It’s almost here. The “Silver Tsunami” is about to come crashing down across the workforce and, with it, a tremendous skill gap will be exposed between those preparing to leave the workforce and those just starting their careers. Much like an actual tsunami, there is little we can do to stop it, but there are some things the water industry can do to prepare for the inevitable wave.
Within the next ten years, nearly one-third of the existing water workforce will reach retirement age. Those professionals will take years of knowledge and experience with them, so organizations need to groom a new generation of water professionals to step in and fill their shoes.
This “changing of the guard” occurs alongside other issues impacting the water industry: our aging infrastructure, much of which needs to be replaced, and many communities’ concerns about water quality and affordability, which will require water utilities to form deeper connections with their customers. These issues will only intensify if we do not strive to attract and retain a workforce ready to tackle those challenges head-on.
From GED to Ph.D., we’ve got you covered
In a report released by the Brookings Institute, greater visibility to the public was identified as a major need for workforce development in the water sector. Engaging with future water professionals early on is key to showcasing the opportunities that a career in water can provide. This isn’t always easy in the water industry, because we are adept at working behind the scenes. But, if we want to attract the same level of professionals we’ve had over the last thirty years, we need to get out there and tell our story.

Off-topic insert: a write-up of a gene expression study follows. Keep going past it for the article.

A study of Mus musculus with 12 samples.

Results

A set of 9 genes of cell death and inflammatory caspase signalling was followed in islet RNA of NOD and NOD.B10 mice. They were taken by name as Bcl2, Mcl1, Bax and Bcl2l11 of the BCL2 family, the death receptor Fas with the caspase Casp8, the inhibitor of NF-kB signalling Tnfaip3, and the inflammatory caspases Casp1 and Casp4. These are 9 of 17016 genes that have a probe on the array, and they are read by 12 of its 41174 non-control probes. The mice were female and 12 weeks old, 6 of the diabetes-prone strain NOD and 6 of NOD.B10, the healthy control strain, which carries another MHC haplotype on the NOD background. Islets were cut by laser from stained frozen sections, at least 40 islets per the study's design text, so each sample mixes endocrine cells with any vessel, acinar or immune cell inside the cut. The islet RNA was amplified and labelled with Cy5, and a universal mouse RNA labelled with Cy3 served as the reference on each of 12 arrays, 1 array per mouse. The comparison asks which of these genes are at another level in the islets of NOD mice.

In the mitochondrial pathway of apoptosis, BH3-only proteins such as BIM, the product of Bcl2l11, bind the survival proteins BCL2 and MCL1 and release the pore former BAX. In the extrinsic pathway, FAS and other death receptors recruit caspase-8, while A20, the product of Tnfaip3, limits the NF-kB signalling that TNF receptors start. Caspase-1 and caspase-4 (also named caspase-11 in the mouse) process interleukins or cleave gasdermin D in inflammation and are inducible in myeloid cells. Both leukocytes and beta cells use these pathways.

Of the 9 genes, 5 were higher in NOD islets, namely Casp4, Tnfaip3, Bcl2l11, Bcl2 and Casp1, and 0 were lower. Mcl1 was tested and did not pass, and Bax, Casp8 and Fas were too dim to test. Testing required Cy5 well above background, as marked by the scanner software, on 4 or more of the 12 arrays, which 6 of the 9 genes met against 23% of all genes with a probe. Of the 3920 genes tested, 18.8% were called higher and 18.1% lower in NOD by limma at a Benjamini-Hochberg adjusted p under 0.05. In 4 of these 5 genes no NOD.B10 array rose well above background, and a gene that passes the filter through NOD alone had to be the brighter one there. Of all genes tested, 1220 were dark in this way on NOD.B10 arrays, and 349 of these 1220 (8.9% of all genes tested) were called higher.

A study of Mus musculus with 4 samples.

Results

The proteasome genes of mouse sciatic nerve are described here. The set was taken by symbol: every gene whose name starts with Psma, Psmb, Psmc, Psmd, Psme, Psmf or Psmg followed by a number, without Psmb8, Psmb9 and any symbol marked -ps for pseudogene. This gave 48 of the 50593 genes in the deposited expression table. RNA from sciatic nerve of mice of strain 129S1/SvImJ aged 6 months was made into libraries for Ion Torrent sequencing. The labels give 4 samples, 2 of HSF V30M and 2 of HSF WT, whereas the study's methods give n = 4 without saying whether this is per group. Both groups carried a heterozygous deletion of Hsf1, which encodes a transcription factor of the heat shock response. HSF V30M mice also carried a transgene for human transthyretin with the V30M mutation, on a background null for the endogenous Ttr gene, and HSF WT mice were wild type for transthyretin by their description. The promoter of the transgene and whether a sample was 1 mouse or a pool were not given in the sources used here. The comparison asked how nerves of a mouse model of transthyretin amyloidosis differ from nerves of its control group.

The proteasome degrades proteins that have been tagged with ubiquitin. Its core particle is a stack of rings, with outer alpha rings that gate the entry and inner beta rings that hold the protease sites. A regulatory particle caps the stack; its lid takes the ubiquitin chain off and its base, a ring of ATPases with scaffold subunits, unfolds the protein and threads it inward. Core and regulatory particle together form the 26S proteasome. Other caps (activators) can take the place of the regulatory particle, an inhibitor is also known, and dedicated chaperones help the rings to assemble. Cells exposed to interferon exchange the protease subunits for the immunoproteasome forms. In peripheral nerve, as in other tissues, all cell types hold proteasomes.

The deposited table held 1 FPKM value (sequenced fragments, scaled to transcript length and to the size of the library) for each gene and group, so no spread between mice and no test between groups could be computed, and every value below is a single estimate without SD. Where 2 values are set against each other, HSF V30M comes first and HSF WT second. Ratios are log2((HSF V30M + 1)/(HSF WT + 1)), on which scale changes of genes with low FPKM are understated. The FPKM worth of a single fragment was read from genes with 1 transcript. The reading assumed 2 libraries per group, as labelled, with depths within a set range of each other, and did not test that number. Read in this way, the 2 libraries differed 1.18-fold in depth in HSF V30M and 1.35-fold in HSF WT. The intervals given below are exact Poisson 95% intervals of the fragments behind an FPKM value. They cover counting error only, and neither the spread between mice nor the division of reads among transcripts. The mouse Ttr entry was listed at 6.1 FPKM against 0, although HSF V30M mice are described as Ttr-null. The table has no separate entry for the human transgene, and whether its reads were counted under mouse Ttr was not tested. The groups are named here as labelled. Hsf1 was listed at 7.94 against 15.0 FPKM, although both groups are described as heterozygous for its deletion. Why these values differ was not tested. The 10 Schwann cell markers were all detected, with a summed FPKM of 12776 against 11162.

Get creative. Sponsor science-based programs in the community or at middle schools. Work with vocational students in high schools to host meter assembly contests. Provide opportunities to universities and students to work on issues in your organization. Showcase the day-to-day work you and your team perform. To us, it’s routine — but to someone who has never seen a team of water technicians gracefully navigate a pipe tapping contest, that may be just the inspiration they need to introduce them to the world of water.
The water industry has no shortage of technical, financial, and administrative positions with water industry workers doing a lot of cool things. Why not tell people about them?
We have more than just technical jobs. According to the Bureau of Labor Statistics, the fastest growing water occupations through 2026 will be software developers, information security analysts, market research analysts, and marketing specialists. Those jobs are vastly different from what may be considered a traditional “job in water,” but this highlights the fact that no matter what career interests a person may have, there is a place for them to contribute to the purpose of providing clean drinking water to communities across the nation.
“Where your talents and the needs of the world cross; there lies your vocation.”
That’s not all that jobs in the water industry have going for them. The work of providing water to the community matters, and we invest heavily in our people. In the Annual Millennial Survey released by Deloitte, respondents under the age of 36 value community impact and talent development, counting these factors as top reasons they would stay in their jobs.
Those with careers in water work every day to provide the communities they live in with safe and reliable water. That is a tremendous community impact and one that we should share with every potential co-worker we talk to. Not every person can say their career impacts every person in a community, but every person with a job in water can.
So, go out and have conversations at high schools, community colleges, Girl Scout Troops, and more, and tell them there is a place for them in the water industry. Show them how their interest in computers, journalism, or gardening can be applied to a career in water. Start today to ensure you have the workforce you want tomorrow.